Saturday, July 29, 2006

Does AD/HD Get Worse in the Heat or Is Your Brain Just Melting Like Everybody Else's?

You may be having a hard time this summer because of the heat, but is it making your mental condition worse? Are you taking the necessary steps to prevent your noodle from getting fried?

There is a very good reason I haven't been productive this week: My brain has melted. I'm certain of it. After two weeks of scorching 100°F plus weather my brain reached a liquid state and leaked out while I slept. That may have happened earlier this week, but without a brain I wasn't able to notice. I realize we have a swamp cooler to make short work of summer temperatures, but with this heat wave my swamp cooler is more like a swamp warmer - all the odor without that messy cold air stuff.

Of course, Utah hasn't cornered the market on heat waves this Summer. It's only a toasty 95°F outside my doorstep today. I hear Phoenix hit 114°F. That made me wonder what other people with neurological problems were experiencing. Do people with ADHD, for example, function worse in the heat?

To be sure, most people start to slow down when the temp makes boiling eggs on sidewalks possible, and certainly many are having a hard time of it this summer as the death toll rises. But what I'm referring to is different than simple discomfort. I have found my brain begins to short around 80°F. At 90°F it is a struggle to stay focused step by step, nevermind room to room. At 100°F I'm positively torpid like a puddle of gelatinous goo. I tend to vocal tic more often as well. This meltdown at high temperatures seems to run in my family. My brother with epilepsy avoids excessive heat because his mind begins to shut down. My mother has increased Post Polio Syndrome muscle pain during heat waves. Maybe other people with varying conditions also experienced increased trouble when things get hot, so I scrounged around the internet to see what could be found.

A quick search on Google for "ADHD heat melts my brain" turned up some fascinating results. Apparently there is a large market for ADHD cooking recipes. Usually, I don't think of sautéd onions when contemplating AD/HD but who am I to criticize? Other searches yielded equally useless results so over to ADD Forums I went and discovered others experienced increased absentmindedness and an inability to mobilize themselves as the heat singed their brain. I was not alone. The heat clearly exacerbated whatever condition was present. And why not? If one's brain begins to broil there are bound to be difficulties.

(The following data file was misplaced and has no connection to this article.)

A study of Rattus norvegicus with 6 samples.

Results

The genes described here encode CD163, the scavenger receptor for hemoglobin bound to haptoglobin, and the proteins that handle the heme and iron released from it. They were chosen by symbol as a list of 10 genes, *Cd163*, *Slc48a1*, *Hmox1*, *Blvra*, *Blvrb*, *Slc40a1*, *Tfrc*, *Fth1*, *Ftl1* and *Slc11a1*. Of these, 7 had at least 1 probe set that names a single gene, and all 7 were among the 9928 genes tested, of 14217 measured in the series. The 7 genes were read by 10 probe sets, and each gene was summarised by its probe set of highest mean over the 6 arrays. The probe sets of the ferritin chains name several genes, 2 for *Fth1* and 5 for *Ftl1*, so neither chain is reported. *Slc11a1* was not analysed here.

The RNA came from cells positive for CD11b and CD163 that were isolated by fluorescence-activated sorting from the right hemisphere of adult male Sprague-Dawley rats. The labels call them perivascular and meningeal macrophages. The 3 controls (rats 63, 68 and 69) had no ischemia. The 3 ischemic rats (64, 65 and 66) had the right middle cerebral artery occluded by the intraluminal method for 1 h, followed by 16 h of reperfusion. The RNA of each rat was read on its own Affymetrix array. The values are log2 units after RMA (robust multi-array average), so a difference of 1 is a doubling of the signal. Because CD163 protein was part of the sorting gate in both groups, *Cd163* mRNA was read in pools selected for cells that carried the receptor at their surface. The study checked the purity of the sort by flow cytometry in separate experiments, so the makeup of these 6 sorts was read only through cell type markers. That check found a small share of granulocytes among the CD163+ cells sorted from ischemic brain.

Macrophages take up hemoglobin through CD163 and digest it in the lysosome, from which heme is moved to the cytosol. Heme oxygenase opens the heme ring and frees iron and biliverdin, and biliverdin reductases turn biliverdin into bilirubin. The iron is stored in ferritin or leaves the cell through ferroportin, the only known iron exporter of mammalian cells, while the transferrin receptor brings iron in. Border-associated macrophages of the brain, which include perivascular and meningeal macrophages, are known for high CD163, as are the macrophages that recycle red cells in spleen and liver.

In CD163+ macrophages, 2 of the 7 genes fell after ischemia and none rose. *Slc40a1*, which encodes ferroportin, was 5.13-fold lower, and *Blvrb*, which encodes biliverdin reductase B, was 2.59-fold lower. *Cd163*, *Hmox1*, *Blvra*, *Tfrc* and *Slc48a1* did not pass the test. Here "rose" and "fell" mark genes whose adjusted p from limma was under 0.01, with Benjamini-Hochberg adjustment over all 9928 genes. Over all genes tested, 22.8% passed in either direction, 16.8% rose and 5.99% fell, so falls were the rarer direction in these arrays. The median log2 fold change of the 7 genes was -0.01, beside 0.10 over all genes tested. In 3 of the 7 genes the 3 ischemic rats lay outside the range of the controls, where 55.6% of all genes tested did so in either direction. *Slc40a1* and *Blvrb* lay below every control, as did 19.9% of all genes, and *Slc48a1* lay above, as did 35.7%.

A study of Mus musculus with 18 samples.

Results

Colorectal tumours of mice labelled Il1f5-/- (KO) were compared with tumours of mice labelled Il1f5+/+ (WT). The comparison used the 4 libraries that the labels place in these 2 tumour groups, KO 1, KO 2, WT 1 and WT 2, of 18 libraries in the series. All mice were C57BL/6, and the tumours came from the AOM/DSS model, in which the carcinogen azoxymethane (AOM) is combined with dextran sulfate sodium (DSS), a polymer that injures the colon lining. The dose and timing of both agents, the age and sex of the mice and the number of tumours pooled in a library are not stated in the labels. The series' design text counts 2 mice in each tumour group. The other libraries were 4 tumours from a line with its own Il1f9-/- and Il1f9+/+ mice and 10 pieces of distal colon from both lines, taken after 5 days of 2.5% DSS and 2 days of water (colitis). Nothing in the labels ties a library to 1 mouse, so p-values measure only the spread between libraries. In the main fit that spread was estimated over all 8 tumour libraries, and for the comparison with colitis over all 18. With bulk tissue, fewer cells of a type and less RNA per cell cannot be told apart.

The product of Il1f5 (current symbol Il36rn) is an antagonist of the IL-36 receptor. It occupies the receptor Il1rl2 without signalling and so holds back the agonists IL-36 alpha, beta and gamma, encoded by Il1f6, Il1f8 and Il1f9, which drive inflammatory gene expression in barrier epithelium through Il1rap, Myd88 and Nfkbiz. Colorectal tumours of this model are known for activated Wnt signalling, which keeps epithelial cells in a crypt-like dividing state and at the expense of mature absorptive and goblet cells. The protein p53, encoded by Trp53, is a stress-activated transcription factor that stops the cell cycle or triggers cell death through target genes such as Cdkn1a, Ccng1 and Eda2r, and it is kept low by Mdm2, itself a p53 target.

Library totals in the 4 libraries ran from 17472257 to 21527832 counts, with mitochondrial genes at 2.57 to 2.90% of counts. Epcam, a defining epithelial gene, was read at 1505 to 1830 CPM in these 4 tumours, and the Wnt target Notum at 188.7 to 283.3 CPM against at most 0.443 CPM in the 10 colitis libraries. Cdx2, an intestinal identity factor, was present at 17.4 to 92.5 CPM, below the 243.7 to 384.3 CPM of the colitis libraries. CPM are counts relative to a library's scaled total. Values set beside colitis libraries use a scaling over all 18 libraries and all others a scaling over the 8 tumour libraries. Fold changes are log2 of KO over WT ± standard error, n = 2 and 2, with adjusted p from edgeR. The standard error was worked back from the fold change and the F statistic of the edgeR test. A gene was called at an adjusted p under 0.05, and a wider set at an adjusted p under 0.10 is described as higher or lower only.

My concern with this might be similar to yours. How are we supposed to get anything done when the sun is doing its best to smelt us down to our biological components? Well, the trick is to stay cool. Bet you didn't see that one coming.

Actually, the trick to managing the heat is to first realize what affect heat has on your productivity and compensate for it. While neither my wife nor I enjoy weather above 85°F, I'm the one who turns into a slug while she still zips around unphased though uncomfortable. This means I need to bring along ice packs in the car, spray bottles filled with water, etc. Anything to keep me from overheating. I also keep jaunts out into the summer heat down to a minimum, or at least make sure I plan trips around air conditioned destinations. Once I overheat I require hours to return to normal and that must be avoided at all costs.

These tips aren't really any different than what other people need to do during heat waves. The difference is that my heat wave starts at 80°F. Your boiling point may start earlier or later. The precautions we need to follow to stay alive during heat waves can be implemented to stay mentally alive as well. Being mindful of your individual limitations doesn't mean you have to give up on life until the press starts clamoring about Global Cooling. Simply understand yourself so you can keep yourself working at optimum capacity. Then trips with the kids don't have to get canceled, you don't make stupid mistakes at work, and you retain enough energy to smile a little when the sun tries to sauté your lawn, or worse, fry your noodle.